An additional bank holiday has been announced to take place in June 2022 to mark Her Majesty the Queen's Platinum Jubilee. But are all employees automatically entitled to paid time off and what approach should employers take?

What is changing?

Next year, the Spring Bank Holiday (normally due to take place on the last Monday in May) will be moved to Thursday 2 June. The additional Bank Holiday will then take place on Friday 3 June.

Are employees automatically entitled to the additional bank holiday?

This will depend on the wording of the employee’s contract of employment. It is important to note that employees do not have an automatic right to paid time off on a bank holiday. Employers are advised to check the wording of their employment contracts and communicate with employees about whether or not they will be required to work on the additional bank holiday in line with the terms of the contract.

To help employers navigate this issue, we have set out below the most commonly used phrases relating to bank holidays that we see in employment contracts and what they mean in terms of the employee’s right to have paid time off work on 3 June 2022.

Contractual wording

Entitlement to time off on the additional bank holiday

 

20 days holiday per annum plus bank holidays

 

Yes - employees will have a contractual entitlement to take paid time off on the additional bank holiday as the wording on holiday entitlement in the contract is not limited to the normal/usual bank holidays observed in England and Wales. Therefore, there is a contractual entitlement to paid time off on all bank holidays – including bank holidays which are in addition to those normally observed.

 

 

28 days holiday per annum

 

Potentially – where the contract is silent on bank holidays, the employee has the ability to book using their 28-day holiday allowance any of the bank holidays, including the additional bank holiday. However, there is no increase in holiday entitlement as a result of the additional bank holiday.

 

20 days holiday per annum plus 8 bank/public holidays

 

Potentially – similar to above, the contract is silent on which bank holidays are included within the employee’s holiday entitlement and therefore an employee has the ability to book the additional bank holiday as paid time off in June 2022. This will, however, mean that the employee will not be entitled to one of the later bank holidays in the year. We would recommend this is clarified to the employee at the time of booking annual leave.

 

20 days holiday per annum plus New Year’s Day, Good Friday, Easter Monday, Early May Bank Holiday, Spring Bank Holiday, Summer Bank Holiday, Christmas Day and Boxing Day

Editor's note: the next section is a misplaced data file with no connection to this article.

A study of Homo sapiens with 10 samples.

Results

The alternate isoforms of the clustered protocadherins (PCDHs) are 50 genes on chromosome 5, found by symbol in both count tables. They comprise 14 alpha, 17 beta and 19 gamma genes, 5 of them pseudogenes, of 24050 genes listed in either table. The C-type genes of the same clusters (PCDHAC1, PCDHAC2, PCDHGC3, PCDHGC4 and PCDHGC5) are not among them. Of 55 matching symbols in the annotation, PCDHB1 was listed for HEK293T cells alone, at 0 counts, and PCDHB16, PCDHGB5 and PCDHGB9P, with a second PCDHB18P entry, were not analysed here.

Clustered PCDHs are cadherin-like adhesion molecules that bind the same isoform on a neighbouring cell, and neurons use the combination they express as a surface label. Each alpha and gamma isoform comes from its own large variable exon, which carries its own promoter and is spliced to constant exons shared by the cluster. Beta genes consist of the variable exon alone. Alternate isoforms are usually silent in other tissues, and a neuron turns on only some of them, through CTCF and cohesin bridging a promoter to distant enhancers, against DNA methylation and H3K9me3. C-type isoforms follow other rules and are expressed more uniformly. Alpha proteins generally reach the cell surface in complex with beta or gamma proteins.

No – where there is a list of bank holidays contained within the contract, the employee will only be entitled to receive paid time off on those bank holidays listed (whether this list is some or all of those usually observed in England and Wales). Employees with such wording in their contract will be entitled to paid time off on 2 June 2022 as this is the date the bank holiday referred to as the “Spring Bank Holiday” has been moved too but not on 3 June 2022.

20 days holiday per annum plus the usual bank/public holidays observed in England and Wales

 

No – as the additional bank holiday is not usually observed in England and Wales, employees would not be entitled to take paid time off on the additional bank holiday.

20 days holiday per annum plus the 8 bank/public holidays usually observed in England and Wales

No – as above, the bank holidays which are included within holiday entitlement are listed and therefore there is no entitlement to the additional bank holiday.

 

Even where there is no contractual entitlement to take the additional bank holiday as paid time off, many employers, as a gesture of goodwill, will decide to allow their employees to take the additional bank holiday or if that is not possible for business reasons, to provide time off in lieu.

Previous approach to time off for additional bank holidays

We previously enjoyed an additional bank holiday in 2011 (to mark the wedding of the Duke and Duchess of Cambridge) and 2012 (for the Queen’s Diamond Jubilee). Therefore, when considering whether to allow employees paid time off for the additional bank holiday in 2022 we would recommend considering what has been done previously. To the extent employees have previously been offered paid time-off or time-off in lieu to mark an additional bank holiday, to adopt a different approach in respect of the 2022 additional bank holiday may cause a negative reaction from employees (in particular those with long enough service to have been working when this happened previously).

Disclaimer

This information is for educational purposes only and does not constitute legal advice. It is recommended that specific professional advice is sought before acting on any of the information given.